Florent, Queen of the Meatpacking District, What Are You Doing Now?
“Florent, Queen of the Meatpacking District” airs on WNET/Thirteen on Sunday, June 17 at 11 pm.
The question endures: “What are you doing now?”
“I’m working on my art, cartography art!”
Enquirer disregards. “We loved your restaurant. It’s a terrible loss!”
“I’m just back from a show in France after my biggest solo show in December at the Christopher Henry Gallery in Nolita, and two other shows right before that in Seattle and….”
Enquirer is deaf. “Since you left, the neighborhood isn’t the same anymore.”
I’ll try this: “I’m still involved with the neighborhood. I’ve been appointed to the Community Board, and I work on traffic and transportation issues, especially bike lanes and public spaces.”
Enquirer is deaf as a doorknob. “We have nowhere to go now.”
Oh, no. Here it comes. The killer question: “When are you going to open another restaurant?”
Florent’s Official Press Release: “I don’t want to open another restaurant, not now, not at this stage in my life.”
“But you HAVE to open another restaurant!”
(Puleasse!) “Sorry, I’ve been in the business for 35 years. I need to take a break.”
“You don’t understand. Downtown needs Florent. New York needs a Florent! You’re an institution!”
“Did you see the documentary ‘Florent: Queen of the Meat Market?’”
“Of course! I loved it so much! Isn’t it sad that they kicked you out?”
“You loved the movie? Did you notice any message?”
For 23 years, the diner Florent drew a mix of celebrities, tourists, entertainers and clubbers to the Meatpacking District. The documentary “Florent, Queen of the Meatpacking District” (2011) was directed, produced and shot by David Sigal to chronicle the history and final days of the beloved icon, which closed its doors in 2008 on the night of the Gay Pride parade. It airs on WNET/Thirteen on Sunday, June 17 at 11 pm.
“About change. Accepting change. Especially here in the capital of the world.”
“Well, I’m all for change done the right way. But they have completely destroyed the Meat Market, the Village, and the New York I loved so much when I moved here. Florent was the last holdout of that Golden Era.”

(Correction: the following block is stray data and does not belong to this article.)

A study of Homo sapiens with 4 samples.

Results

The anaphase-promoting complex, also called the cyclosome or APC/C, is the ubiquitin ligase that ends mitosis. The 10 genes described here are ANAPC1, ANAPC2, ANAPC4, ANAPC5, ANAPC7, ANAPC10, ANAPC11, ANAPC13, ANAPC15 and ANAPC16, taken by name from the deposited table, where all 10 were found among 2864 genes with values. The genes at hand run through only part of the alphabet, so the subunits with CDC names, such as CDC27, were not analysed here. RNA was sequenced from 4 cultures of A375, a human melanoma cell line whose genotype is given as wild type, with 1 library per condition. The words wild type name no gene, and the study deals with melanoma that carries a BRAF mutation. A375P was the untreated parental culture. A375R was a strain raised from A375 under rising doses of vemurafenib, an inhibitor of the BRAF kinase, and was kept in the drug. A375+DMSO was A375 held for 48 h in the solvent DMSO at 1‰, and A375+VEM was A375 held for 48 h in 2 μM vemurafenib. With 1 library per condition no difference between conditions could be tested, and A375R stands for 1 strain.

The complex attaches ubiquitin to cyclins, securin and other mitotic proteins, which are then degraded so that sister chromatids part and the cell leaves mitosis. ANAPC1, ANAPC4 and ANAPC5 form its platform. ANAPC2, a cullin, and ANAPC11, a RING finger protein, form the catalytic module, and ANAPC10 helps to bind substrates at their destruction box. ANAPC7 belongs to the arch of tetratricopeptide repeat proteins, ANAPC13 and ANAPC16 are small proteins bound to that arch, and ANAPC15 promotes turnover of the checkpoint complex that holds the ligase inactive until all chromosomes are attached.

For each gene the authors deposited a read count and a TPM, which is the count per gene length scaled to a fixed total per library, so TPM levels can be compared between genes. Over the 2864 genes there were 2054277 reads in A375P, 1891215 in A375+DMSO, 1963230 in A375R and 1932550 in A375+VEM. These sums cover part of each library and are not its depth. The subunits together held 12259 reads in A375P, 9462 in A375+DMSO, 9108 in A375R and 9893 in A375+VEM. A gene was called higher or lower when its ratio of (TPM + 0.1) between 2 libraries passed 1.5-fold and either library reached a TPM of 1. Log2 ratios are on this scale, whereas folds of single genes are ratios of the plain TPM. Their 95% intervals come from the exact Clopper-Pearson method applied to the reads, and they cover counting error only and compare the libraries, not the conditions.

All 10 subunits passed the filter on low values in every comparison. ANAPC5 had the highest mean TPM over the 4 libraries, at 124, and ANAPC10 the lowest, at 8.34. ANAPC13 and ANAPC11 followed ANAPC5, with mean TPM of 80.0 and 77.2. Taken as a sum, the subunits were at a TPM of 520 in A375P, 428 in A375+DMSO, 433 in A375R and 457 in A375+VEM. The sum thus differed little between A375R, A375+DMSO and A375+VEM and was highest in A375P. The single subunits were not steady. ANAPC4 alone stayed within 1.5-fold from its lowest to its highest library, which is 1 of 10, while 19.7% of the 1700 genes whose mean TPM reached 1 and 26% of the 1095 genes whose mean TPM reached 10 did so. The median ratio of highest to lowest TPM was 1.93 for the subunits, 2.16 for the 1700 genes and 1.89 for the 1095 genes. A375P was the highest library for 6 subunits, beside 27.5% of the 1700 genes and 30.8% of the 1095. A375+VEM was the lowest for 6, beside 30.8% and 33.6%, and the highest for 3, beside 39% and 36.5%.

“Golden Era? A bankrupt city with a crippled government, social services and transportation in free fall? And it was burning! The South Bronx was loosing ten square blocks a year to arson.”
“But there was so much creativity, so many artists could afford to live in Manhattan, the club scene was so uninhibited.”
“All because of the massive municipal neglect at the time. That’s what allowed subcultures to take hold and bloom.”
“But it was so stimulating…such a fertile playground.”
“Because it was unsupervised by absent city departments. Bars, clubs, sex clubs and bathhouses opened without permits, licenses, fire and health codes. Decrepit piers became a gay Magic Kingdom: Swiss Family Treehouse with nude sunbathing that turned into Jungle Cruise at sunset and then morphed into Haunted Mansion after midnight.”
“Well, now New York is only for the rich. Young people can’t afford it.”
“New York’s only for the rich? Do you mean the Bronx? Brooklyn? Queens?”
“I mean Manhattan!”
“Manhattan? You mean Morningside Heights? Harlem? The Lower East Side?”
“I mean Downtown! The Village! Soho! I don’t see any young people moving into the neighborhood. It’s too expensive!”
“Young people are still flocking to New York. To Williamsburg, Harlem, Jackson Heights, or the South Bronx. You should move there. That’s where it’s happening.”
“Why should I move from the place I’ve lived for 35 years?”
“You sound like the two old cranks who ate lunch at the restaurant every day. We called them Uncle Bob and Auntie Marie because all they did was complain that things weren’t the way they used to be.”
“But they’re not!”
“Yes! And guess what? Now you’re just like Uncle Bob and Auntie Marie! You’ve gotten old and you don’t like change either!”
This is exhausting. I have to move on, keep walking, but I have to be on the lookout. I’ve become a target for people looking to vent their overflowing nostalgia. I try to avoid public events, openings and cocktail parties where I can be cornered like a sitting canard à l’orange.
So I keep on moving, walking along sidewalk: “I hear you’re going to open in Harlem!”
Moving a little faster, riding my bicycle: “I have the perfect building for a new Florent!”
A lot faster – sitting in a subway car: “I read that you’ve signed a lease in Brooklyn!”
At jet speed on an intercontinental flight: “Have you thought about opening in L.A.? You’d make a killing there!”
And then I run into a bunch of twenty-somethings. “Restaurant Florent? Never heard of it. Where? The Meat Market? Meatpacking District? Nope, never heard. The Village? Never go there, really.”
I am ready to bet that by 2040 at the latest, these Brooklyn hipsters will mope and rant at the demise of the New York they loved. That Golden Era. The Golden Era of Bushwick.
French-born Florent Morellet studied City Planning at Central London Polytechnic. He opened Florent in the Meatpacking District of New York in 1985 and became known for both his hospitality and social activism. Since closing the eatery in 2008, he has concentrated on his art, which is inspired by maps, atlases and cities. Morellet serves on Community Board 2 in Manhattan.